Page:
Speaking at his Justice and Development Party’s (AK Party) parliamentary group meeting on Tuesday, Prime Minister Erdoğan reiterated his earlier allegation that there are centers, both foreign and domestic, that are trying to undermine his government. “There have been some very aggressive attacks seeking to wear out our government ahead of the elections, both from the outside and inside. At home, there was a campaign against peace, stability, democracy, the settlement process and the economy, while outside there was a planned and ill-meaning campaign against Turkey’s image.”
He said gangs inside the judiciary and the police force attacked trucks owned by the National Intelligence Organization (MİT). In January, prosecutors ordered trucks en route to Syria and escorted by Turkish intelligence officers to be stopped and searched on suspicion that they were transporting weapons to Syria. Erdoğan said the search was illegal and it had been carried out in an effort to smear Turkey’s image, label it a terrorist country. He continued the same theme on Tuesday. “Believe me, even an enemy wouldn’t have stooped this low,” he said. He claimed that the same “operation” against his government was under way. Referring to recent claims by US journalist Seymour Hersh that Turkey had masterminded a chemical attack in Syria, Erdoğan said: “Completely false allegations stating that there is a link between the chemical attack in Syria and Turkey have been put forth. There was an attempt to create the perception that there is a link between Turkey and the al-Qaeda terrorist organization, as if Turkey supports terrorism.”
Erdoğan has blamed the Hizmet movement for the conspiracy he says is being staged against his government. He said, without naming the movement on Tuesday, that circles and media related to the Hizmet movement were keeping alive such allegations both in Turkey and abroad.
He said those against his government were conducting “black propaganda” efforts against his government in the US and the EU. He accused this segment of writing letters to administrations of foreign countries, and of cooperating with the representatives of the Armenian lobby. “We are watching these attempts at betrayal and assault by pitying these circles, these individuals — because these acts are nothing but the expression of desperation. Turkey’s global influence has not been formed through image-making efforts or newspaper stories. Turkey is not a country whose reputation can be hurt by news stories, manufactured reports and columns by hired pens.”
He referred to the prosecutor who recently attempted to arrest eight police officers in Adana in an investigation into illegal wiretapping of the phones of government members as a “patriot.” Noting that the officers had been released, he said: “I would like to emphasize that there is serious resistance in the way of attempts to bring espionage activity to the light. A patriotic prosecutor in Adana launched an investigation into espionage efforts and illegal wiretaps. Some suspects were detained and arrested, but after a few days, the members of that parallel gang stepped in and intervened and the suspects were released.”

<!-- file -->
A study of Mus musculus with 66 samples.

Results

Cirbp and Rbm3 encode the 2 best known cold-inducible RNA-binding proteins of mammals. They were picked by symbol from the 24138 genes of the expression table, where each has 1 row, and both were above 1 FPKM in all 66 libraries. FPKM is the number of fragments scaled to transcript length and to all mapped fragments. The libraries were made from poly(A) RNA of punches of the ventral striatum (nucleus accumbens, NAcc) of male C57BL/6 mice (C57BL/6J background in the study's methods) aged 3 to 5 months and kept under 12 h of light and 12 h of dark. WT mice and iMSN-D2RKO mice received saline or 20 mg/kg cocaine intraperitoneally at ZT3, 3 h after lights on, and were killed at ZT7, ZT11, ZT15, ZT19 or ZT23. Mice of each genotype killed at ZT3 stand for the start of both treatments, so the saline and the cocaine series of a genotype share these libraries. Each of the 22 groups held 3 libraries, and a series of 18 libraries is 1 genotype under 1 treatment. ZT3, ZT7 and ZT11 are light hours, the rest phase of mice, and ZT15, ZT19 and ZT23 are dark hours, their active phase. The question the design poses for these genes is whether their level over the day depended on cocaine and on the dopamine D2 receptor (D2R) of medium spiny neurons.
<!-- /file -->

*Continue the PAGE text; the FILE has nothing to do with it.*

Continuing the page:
He said the parallel structure had also helped the suspects in an investigation into bugging of government officers escape the country. “The same thing happened in the investigation regarding corruption in [national] examinations. Many years have passed, and maybe evidence has been obscured.” He said the release of the officers in Adana is a plain instance of betrayal.
“When we speak of these gangs, this corruption that has been reflected in some segments of the judiciary — some people say that the executive is intervening in the judiciary.” He accused the country’s high judicial organs, particularly the Supreme Board of Judges and Prosecutors (HSYK), of simply watching the “slaughtering of the law.” He also accused opposition parties the Republican People’s Party (CHP), the Nationalist Movement Party (MHP) and the Peace and Democracy Party (BDP) of keeping silent in the face of attacks on the law.
“We will purge those gangs and networks from the hallways of courthouses. But it is not easy to do it overnight. This will be a purge of a process of 35 years. Nobody can get away with what they’ve done.” He said his government defends separation of powers, but he said the legislative and executive will not allow corruption in the judiciary.
The prime minister also responded to criticism that he was keeping political tension high. “We have never been the side to raise tension. Do not pay heed to those who are loud, those who are conducting black propaganda. For the past 12 years, we have been pursuing policies of projects, and they of tension. They asked us to bring the tension down in our balcony speeches after every election. We always did so.”